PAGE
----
September 26, 2011 by  
Filed under Dog Activities and Training, Featured Articles

Do you have a dog who wanders off of your property?  Having a good relationship with the local dog warden might just help you avoid having to pay hefty fines or having to go through the hassle of picking up your dog at the animal control office rather than having them bring the dog back to your home.

Make their job easy 

The first thing an animal control officer looks for is whether or not you are taking care of your animal.  That means you have to provide proper food, water, and shelter for the animal, particularly if you keep him or her outside.  You will also want to show that you have taken appropriate measures to keep your dog at home.  Do you have a sturdy fence?  Is it tall enough?  Are there escape routes under or around it?

The other thing the animal control officer will look for is the presence of identification tags on your dog.  No dog should ever be outside without some sort of identification, whether that’s an animal control registration tag, a rabies tag, or a custom-made name tag such as those offered by Dog Tag Art   

Even if your dog is micro-chipped or tattooed, you should still have a tag on the animal that includes your name, address, and cell phone number, making it easier for anyone who finds your dog to return him or her to you.

Follow the law 

Although your dog may be Houdini, you can show the dog warden you are at least trying to follow the law by being sure your dog is registered properly and that you are trying to keep the dog under your control, as required by most jurisdictions.

If your fence needs to be higher, get it fixed as soon as possible, and in the meantime, keep the dog tied up when he or she is outside.

If you have kids that leave doors open, put up a barrier that keeps the dog out of the room with the open door.  For example, you might put a baby gate across the door from the dining room into the kitchen if your kids forget to close the door going from the kitchen to the garage.

If you have a screen door that doesn’t close all of the way, allowing your dog to scratch his or her way out, try adding a hook-and-eye latch to back up the handle latch.

Train your dog to come if he or she is within earshot when called, even when he or she is distracted by a squirrel or other wildlife.  This is possible, even with your dog, but it takes consistency and patience from you.

It’s a tough job… 

When you talk to the dog warden or animal control officer, keep in mind that the officer has a difficult job.  Don’t rail away or be aggressive, giving them a reason to dislike you.  Instead, try to enlist the officer as an ally.  For example, you might show the warden how the dog is getting out, and ask for suggestions as to how you can keep the dog home.

If your dog is off of your property, always remember it is YOUR fault, not the dog warden’s.  It’s tempting to blame the entire problem on the dog or the warden, but in truth, you have likely broken the law if your dog is loose.  Think of it in the same way you do a traffic ticket.  Even though you might be incensed that you got caught, you likely realize you have made a mistake and you may even try to talk your way out of the expensive ticket.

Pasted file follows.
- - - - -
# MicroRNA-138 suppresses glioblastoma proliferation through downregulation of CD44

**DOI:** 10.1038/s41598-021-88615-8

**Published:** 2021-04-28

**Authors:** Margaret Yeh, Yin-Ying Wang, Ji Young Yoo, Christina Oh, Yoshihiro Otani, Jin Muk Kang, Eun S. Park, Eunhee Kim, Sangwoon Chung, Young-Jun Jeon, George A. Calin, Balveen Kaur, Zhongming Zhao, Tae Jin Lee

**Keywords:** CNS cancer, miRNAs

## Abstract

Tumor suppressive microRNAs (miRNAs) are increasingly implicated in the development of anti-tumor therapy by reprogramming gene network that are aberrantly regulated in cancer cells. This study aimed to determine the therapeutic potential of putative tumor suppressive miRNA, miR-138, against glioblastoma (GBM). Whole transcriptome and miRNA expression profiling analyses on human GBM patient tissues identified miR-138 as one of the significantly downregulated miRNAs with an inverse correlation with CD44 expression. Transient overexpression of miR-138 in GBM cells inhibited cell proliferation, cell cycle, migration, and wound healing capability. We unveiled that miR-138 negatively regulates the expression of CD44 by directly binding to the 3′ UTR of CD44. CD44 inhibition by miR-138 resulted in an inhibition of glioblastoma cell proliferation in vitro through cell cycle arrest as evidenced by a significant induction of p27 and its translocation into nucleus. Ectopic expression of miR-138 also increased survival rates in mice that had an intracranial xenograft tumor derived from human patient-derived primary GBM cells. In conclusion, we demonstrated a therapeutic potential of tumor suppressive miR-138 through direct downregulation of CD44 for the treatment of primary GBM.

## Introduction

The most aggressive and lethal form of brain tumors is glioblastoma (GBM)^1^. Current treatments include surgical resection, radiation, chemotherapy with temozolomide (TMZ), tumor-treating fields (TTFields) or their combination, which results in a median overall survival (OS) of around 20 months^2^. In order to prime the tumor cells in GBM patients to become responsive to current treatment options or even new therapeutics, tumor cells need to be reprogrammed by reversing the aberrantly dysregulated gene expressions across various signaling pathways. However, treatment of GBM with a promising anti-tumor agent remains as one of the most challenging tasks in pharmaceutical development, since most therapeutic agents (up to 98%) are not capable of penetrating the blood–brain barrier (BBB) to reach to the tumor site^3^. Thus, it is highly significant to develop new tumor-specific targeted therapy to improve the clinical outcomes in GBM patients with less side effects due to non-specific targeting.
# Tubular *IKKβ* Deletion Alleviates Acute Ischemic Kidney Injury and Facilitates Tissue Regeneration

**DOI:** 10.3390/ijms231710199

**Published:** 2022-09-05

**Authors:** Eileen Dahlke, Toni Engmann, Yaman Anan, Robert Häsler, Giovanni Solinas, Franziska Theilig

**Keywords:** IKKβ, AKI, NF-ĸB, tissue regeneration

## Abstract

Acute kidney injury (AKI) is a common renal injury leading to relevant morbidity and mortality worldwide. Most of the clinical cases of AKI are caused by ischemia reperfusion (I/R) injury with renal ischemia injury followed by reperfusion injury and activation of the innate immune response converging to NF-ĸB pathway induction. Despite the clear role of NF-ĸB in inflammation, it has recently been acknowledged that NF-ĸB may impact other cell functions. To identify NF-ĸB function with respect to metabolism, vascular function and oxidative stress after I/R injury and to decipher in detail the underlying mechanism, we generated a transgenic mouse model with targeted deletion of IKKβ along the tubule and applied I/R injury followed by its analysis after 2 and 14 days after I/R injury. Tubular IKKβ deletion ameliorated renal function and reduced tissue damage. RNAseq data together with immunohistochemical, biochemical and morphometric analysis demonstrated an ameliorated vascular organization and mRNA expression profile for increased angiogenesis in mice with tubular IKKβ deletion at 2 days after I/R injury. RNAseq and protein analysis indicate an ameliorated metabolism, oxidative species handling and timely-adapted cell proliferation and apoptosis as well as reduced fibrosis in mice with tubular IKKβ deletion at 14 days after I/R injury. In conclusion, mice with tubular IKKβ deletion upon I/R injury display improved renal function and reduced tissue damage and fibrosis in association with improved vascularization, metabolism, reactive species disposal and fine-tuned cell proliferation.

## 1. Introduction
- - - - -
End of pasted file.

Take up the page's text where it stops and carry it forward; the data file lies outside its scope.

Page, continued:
If you treat the warden with the same respect you give the police officer who pulls you over, you may be able to avoid going to court or losing your dog.

Finally, make sure you know what the dog warden can and cannot do.  You might want to consult their website to find out what services they offer so you don’t ask them to do the impossible.  As an example, check out the Cuyahoga County (Cleveland, OH) site  for advice and information, or click on the mission statement page at the Franklin County (Columbus, OH) site.   If you can’t find your local warden’s office, look for a state association of dog wardens or animal control, which may contain a link to your local agency.

Offer to help 

Most animal control offices are charged with keeping the animals they pick up until they can be reunited with their families or adopted out to a new family.  This means they have certain needs, such as pet food, dishes, toys, towels, blankets, and veterinary care.  Not that you want to offer your help as a bribe, but you may want to donate supplies to the warden at some time other than when he is dealing with you and your dog.

If you see the warden in your neighborhood some time when your dog is not loose, flag him or her down and hand over a bag of food or other supplies.  Alternatively, go to the animal control office, thank the warden for helping you get your dog back last time, and make a donation.

Better yet, become a dog pound volunteer.  You obviously like dogs (or you wouldn’t have one) and the dogs at the pound need bathing, walking, and loving, just like your dog does.  Offer to spend one day each week or each month at the pound, caring for the dogs who are confined there.  Building that positive relationship with the warden can help them to see you as a caring person who wants the best for all dogs, which may help you out next time your own dog goes out for a little rendezvous with his or her friends.